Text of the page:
Pakistan calls troops after violence kills 10, injures dozens
Pakistani Sunni Muslims protest against the attack on a Sunni mosque and seminary, in Multan on November 16, 2013
Authorities imposed a curfew in the city of Rawalpindi, where sectarian clashes on Friday left nine people dead and more than 60 injured, and spawned retaliatory violence in at least two other cities.
Fighting erupted in the garrison-city, which neighbours the capital Islamabad, when a procession by Shiite Muslims to mark the most important day of the mourning month of Muharram coincided with a sermon at a nearby Sunni mosque.
"A curfew has been imposed in Rawalpindi city to avert further violence following the incidents on Friday," Waseem Ahmed, a police official told AFP.
"The curfew will remain until midnight on Saturday. The whole city has been closed down," he said.
Deeba Shehnaz, a spokeswoman for rescue services, told AFP: "According to the latest figures, we can now confirm the death of nine people from the sectarian violence on Friday. At least 68 others were wounded during the clashes."
Angry Shiite protesters attacked the Sunni mosque and seminary, torching its building and an adjacent cloth market, where workers on Saturday were still battling to extinguish the fire completely.
Rival groups then attacked each other, TV cameramen and security forces and also fired gunshots.
The authorities deployed large numbers of troops in the city and later imposed a full curfew as soldiers patrolled the streets to stop protesters coming in from other cities.
Violence also erupted in the southern city of Multan and Chishtian town, where civil authorities called in troops to maintain law and order.
A senior police official in Multan told AFP that at least 12 people were injured when Sunnis took to the streets to protest the Rawalpindi incident, leading to clashes with Shiites who fired warning shots in the air.
In neighbouring Chishtian, a Shiite mosque was partially damaged and several shops were destroyed when Sunnis torched it in retaliation for the violence in Rawalpindi.
All entry points into Rawalpindi were blocked, resulting in traffic chaos on Saturday morning that choked parts of the highways leading to Islamabad.
Shahbaz Sharif, the chief minister of Punjab province, of which Rawalpindi is a major city, told an official meeting following the clashes that the government ensure the culprits for the clash are brought to justice.
"We condemn the act of violence in Rawalpindi and sympathise with the aggrieved families. We will take the culprits to the task," he said in his statement.
But one local legislator, Sheikh Rashid Ahmed, who is a member of the lower house of the parliament from the area said that violence there was the result of local administration's failure.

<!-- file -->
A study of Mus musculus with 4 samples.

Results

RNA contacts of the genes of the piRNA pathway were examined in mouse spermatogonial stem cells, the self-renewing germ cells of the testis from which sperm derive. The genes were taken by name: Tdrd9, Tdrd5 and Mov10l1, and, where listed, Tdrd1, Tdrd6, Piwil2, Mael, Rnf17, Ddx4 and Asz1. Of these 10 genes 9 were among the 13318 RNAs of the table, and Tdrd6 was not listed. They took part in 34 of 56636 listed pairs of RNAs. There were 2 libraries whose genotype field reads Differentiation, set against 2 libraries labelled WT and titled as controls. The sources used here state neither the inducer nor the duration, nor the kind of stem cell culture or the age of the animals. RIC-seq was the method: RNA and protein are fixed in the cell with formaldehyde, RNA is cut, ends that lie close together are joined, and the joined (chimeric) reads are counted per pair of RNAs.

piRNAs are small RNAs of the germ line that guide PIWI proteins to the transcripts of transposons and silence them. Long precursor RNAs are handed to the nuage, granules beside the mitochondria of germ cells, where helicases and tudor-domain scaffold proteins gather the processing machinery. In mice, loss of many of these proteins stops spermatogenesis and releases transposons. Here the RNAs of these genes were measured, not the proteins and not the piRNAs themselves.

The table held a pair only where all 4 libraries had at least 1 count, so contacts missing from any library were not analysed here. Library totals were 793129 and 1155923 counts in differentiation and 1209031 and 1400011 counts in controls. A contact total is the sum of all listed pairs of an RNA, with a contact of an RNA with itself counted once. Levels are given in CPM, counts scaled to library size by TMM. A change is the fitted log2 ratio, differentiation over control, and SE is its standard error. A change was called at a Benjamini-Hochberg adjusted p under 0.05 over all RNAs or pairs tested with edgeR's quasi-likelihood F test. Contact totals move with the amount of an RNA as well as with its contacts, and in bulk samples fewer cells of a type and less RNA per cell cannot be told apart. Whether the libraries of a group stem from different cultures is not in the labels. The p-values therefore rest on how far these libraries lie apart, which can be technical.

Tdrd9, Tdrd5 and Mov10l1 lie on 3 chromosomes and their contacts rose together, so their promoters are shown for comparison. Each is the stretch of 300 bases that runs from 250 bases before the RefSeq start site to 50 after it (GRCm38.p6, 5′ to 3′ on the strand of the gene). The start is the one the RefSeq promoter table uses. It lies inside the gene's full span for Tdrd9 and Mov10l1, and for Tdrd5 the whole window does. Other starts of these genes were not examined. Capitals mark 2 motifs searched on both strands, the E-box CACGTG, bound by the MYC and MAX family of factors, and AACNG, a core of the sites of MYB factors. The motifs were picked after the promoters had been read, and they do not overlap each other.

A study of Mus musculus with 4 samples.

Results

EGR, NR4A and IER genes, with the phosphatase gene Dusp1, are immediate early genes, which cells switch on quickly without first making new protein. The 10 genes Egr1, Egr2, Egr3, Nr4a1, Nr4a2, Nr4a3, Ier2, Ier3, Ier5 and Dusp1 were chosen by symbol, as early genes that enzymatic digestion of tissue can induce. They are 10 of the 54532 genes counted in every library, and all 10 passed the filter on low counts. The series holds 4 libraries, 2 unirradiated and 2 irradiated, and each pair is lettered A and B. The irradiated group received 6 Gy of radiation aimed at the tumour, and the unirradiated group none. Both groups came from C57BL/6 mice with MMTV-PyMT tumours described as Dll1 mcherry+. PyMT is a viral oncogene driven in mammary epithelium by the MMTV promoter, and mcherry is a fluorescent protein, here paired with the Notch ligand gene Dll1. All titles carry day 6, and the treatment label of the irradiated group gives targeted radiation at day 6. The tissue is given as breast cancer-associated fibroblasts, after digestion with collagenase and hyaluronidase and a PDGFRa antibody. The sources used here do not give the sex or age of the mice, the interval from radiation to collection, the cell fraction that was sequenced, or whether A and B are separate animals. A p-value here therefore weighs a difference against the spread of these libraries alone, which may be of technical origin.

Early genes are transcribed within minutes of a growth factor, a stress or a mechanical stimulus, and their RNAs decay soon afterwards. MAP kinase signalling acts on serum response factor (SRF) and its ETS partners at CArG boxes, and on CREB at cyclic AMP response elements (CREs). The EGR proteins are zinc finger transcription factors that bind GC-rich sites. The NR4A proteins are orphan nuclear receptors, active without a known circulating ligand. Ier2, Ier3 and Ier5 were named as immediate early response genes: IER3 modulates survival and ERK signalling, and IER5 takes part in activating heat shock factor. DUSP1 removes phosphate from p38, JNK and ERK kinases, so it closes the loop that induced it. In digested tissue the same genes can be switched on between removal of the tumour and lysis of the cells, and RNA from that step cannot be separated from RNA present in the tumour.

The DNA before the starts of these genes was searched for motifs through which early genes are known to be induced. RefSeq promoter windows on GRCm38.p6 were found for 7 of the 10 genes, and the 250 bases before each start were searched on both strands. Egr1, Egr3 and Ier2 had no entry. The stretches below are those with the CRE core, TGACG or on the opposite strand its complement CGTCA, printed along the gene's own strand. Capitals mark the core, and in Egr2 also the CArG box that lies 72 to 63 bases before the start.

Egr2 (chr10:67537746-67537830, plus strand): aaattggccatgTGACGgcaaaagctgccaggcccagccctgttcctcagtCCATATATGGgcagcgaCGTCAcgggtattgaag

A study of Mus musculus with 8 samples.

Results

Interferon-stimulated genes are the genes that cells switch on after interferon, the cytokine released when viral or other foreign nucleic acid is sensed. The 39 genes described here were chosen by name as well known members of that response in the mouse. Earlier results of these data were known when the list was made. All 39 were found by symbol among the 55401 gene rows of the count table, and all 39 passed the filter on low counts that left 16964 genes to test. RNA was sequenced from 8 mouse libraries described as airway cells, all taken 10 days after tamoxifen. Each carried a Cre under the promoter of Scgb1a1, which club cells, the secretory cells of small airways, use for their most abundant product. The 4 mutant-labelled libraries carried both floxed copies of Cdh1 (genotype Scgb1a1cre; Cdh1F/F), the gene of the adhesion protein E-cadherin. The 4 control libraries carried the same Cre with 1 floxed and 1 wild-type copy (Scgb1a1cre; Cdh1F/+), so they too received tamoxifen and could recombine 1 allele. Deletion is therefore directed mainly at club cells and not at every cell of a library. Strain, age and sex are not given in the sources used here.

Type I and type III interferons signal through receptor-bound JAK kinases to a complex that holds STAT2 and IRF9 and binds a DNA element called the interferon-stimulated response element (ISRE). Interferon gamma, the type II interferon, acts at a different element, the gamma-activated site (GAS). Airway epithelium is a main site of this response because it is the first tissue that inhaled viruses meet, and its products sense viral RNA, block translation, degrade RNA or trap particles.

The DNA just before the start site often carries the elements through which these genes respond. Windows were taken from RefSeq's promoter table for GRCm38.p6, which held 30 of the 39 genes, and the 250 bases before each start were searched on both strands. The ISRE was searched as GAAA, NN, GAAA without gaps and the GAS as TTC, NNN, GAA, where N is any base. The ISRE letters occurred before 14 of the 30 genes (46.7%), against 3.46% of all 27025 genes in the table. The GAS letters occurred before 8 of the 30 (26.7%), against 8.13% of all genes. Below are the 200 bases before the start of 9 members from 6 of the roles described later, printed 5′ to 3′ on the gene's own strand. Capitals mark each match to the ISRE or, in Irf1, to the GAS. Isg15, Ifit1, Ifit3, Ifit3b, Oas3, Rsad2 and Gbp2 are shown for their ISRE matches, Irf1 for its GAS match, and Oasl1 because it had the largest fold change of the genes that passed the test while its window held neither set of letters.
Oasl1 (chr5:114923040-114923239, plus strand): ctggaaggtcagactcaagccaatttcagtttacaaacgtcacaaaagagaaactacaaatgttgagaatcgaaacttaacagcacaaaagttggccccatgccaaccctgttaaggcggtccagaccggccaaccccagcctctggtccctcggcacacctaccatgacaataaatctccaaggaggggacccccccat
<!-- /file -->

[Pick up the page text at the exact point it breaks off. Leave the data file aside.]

"I declare the local administration responsible for Friday's violent acts. They failed to control the situation," Ahmed told a news conference.
Pakistan is rife with sectarian clashes, with Sunni militant groups linked to Al-Qaeda and the Taliban often attacking gatherings by Shiites, who constitute some 20 percent of the country's overwhelmingly Muslim population.
Pakistan had deployed heavy security all across the country for 10th of Muharram on Friday -- which is the death anniversary of Hussein, the grandson of the Prophet Mohammed -- to avert any terrorist attack on the mourning processions of Shiites.
Authorities had jammed mobile phone services as part of the security measures on the day, which hampered communication following the clashes. Cell phones in Rawalpindi are expected to remain unconnected for the weekend.
The Islamic month of Muharram lasts until December 5 this year and is a particularly fraught time.
Hussein was killed by the armies of the caliph Yazid in 680 AD and his death in Karbala in Iraq is mourned across the world by Shiites every year.
Elsewhere, in an attack unrelated to the sectarian clashes, a security official was killed and nine others wounded when Islamic militants targeted security convoys in the north-western Khyber Pakhtunkhwa province.
An Improvised Explosive Device (IED) exploded near a roadside in the northwestern district of Dera Ismail Khan, killing one security official and wounding four others.
In another attack, a suicide bomber blew himself up near a security forces' convoy and injured five soldiers in Bannu district, which is connected to the semi-autonomous tribal areas on Afghanistan border, branded by Washington as hub of Al-Qaeda and Taliban led militants.